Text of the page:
In April, an exhibition and conference will open in Baghdad, allowing aerospace sector companies to showcase their capabilities and new technologies as the country embarks on a major initiative to improve its airports.
The Iraq Airports Aviation Forum (IAAF) 2018 will feature more than 70 exhibitors, while the conference held alongside it at Baghdad International Airport is due to host 200 delegates and 1,500 trade visitors from almost 20 countries.
The opportunities for vendors are considerable. The nation’s airports at Baghdad, Basra, Najaf, Nasiriya, Erbil and Sulaymaniyah are undergoing expansion, while the IAAF’s organisers say there are also investment opportunities at Dohuk, Kirkuk, Mid-Euphrates and Diwaniya airports.
Indeed, some improvements at Iraq’s airports are already under way. In 2014, the government announced plans to invest $50 billion in the country’s aviation industry, partly via the construction of new or expanded terminals, air traffic control facilities and all the essential behind-the-scenes activities that allow an airport to perform efficiently.
Several specific contracts to improve airport facilities have been announced since then, such as an order for 12 new passenger boarding bridges at Baghdad International’s Samara and Babylon terminals. And a complete new airport, Karbala International, some 60km southwest of the capital, is under construction.
The backdrop to these ambitious plans has been the bitter battle to retake a large swathe of the country from the Islamist Daesh forces, which have slowly been dislodged from virtually all the territory they once held.
The fighting – and the huge financial cost involved in waging it – has obviously hampered some of the country’s airport development plans. In September last year, for example, the Baghdad Post newspaper reported that Mosul International Airport was still in poor condition, despite having been liberated from Daesh eight months earlier.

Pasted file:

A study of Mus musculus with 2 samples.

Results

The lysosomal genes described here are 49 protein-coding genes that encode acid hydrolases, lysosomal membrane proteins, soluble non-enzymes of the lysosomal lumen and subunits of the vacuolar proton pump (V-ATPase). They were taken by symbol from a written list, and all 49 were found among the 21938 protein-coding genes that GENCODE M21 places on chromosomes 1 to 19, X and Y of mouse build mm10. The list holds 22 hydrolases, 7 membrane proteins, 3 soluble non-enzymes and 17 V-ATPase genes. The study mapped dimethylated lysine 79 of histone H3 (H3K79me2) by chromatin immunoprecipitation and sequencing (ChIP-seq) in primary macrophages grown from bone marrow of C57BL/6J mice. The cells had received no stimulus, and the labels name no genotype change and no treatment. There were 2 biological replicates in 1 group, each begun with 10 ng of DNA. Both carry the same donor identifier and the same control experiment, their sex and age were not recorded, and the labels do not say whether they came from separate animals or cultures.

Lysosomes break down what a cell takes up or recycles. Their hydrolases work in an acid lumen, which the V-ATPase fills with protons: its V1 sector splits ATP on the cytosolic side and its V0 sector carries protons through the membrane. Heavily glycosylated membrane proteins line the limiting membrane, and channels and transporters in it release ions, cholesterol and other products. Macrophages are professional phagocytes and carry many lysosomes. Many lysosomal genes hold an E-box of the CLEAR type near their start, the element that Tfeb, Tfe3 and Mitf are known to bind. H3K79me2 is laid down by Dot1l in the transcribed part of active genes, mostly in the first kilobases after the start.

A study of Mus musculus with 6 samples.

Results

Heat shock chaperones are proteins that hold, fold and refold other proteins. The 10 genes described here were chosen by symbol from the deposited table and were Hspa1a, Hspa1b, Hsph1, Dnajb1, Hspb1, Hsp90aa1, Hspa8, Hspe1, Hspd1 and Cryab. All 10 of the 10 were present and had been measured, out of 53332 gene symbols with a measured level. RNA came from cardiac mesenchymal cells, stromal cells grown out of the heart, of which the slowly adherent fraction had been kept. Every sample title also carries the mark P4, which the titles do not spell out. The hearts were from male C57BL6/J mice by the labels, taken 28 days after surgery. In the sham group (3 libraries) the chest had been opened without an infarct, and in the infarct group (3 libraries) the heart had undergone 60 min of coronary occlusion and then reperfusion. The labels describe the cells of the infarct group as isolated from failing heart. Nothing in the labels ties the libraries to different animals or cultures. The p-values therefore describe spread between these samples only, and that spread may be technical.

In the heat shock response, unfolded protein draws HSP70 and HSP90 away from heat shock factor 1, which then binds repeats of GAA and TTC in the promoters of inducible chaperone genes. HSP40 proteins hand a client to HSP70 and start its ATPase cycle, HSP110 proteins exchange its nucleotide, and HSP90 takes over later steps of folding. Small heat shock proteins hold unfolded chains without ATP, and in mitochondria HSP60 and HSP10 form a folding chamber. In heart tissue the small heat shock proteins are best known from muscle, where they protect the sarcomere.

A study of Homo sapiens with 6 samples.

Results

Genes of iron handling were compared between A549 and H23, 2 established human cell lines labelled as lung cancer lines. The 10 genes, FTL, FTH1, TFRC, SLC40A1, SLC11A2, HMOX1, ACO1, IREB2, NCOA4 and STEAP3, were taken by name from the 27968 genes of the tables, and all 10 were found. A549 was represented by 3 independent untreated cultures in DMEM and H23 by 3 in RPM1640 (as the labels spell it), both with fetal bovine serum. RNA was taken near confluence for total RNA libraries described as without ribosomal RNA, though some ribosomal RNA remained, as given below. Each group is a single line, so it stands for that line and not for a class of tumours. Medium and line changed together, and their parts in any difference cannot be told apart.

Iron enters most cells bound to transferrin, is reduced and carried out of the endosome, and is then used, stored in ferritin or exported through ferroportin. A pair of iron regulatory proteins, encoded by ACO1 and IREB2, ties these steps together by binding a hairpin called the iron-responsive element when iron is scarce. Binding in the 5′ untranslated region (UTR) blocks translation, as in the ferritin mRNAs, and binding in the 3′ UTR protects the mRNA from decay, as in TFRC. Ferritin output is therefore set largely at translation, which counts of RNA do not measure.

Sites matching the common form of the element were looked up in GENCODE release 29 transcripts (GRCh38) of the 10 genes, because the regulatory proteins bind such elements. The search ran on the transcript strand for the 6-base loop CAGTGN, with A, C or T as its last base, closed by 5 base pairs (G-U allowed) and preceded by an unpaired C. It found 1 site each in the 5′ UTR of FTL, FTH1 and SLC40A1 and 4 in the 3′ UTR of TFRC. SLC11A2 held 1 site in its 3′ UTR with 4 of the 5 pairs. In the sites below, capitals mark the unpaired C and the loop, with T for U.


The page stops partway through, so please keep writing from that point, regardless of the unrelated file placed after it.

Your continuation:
When the Islamists controlled the area in 2014, they systematically ploughed up the airport’s runways and strewed rubble along them to prevent any airborne assaults taking place. Worse, the Post’s report quoted local residents as saying that the occupiers had destroyed virtually every facility at the airport and that reconstruction would require millions of dollars before it could even think of re-opening its doors to passengers.
The airport’s chairman, Haider Mohamed, was quoted as estimating $50 million and two years would be required to reconstruct the facility.
This task has been made more difficult by the huge sums required to complete the destruction of Daesh, at a time when oil prices are still at relatively low levels, limiting the government’s income.
Some international bodies have stepped in to assist. In late October 2017, for example, the World Bank approved a $400 million financial assistance package for Iraq, some of which is earmarked for airport improvement, with Mosul being singled out as the subject of studies for a public-private partnership to rebuild and operate the facility.
The airport resurgence is attracting some major international names. In July 2017, Erbil International Airport (EIA) in the autonomous Kurdistan region, signed a partnership agreement with Lufthansa Consulting to support its plans to develop the facility.
“The expertise that Lufthansa Consulting can bring is essential as we seek to develop and expand infrastructure and services at EIA,” said the airport’s director-general, Talar Faiq. “Managing projects, keeping them on time and to budget, is a vital part of developing Kurdistan’s gateway to the world.”
At the most basic level, repairs to the terminal roof and across the airfield are being undertaken. The airport will also seek to bring on line a $6.5 million, four million gallon capacity fuel farm that will provide much-needed storage capacity, while a water treatment plant will cater for the increasing number of passengers using the facility. Additionally, the airport’s grounds will be the subject of a $17.5 million landscaping project.
However, in September, the Iraqi Government imposed a ban on international flights to Erbil and Sulaymaniyah, in a reaction to Iraqi Kurds having voted in favour of independence in a referendum. This ban was still in force at the time of writing; it remains to be seen what effect it will have on the refurbishment plans.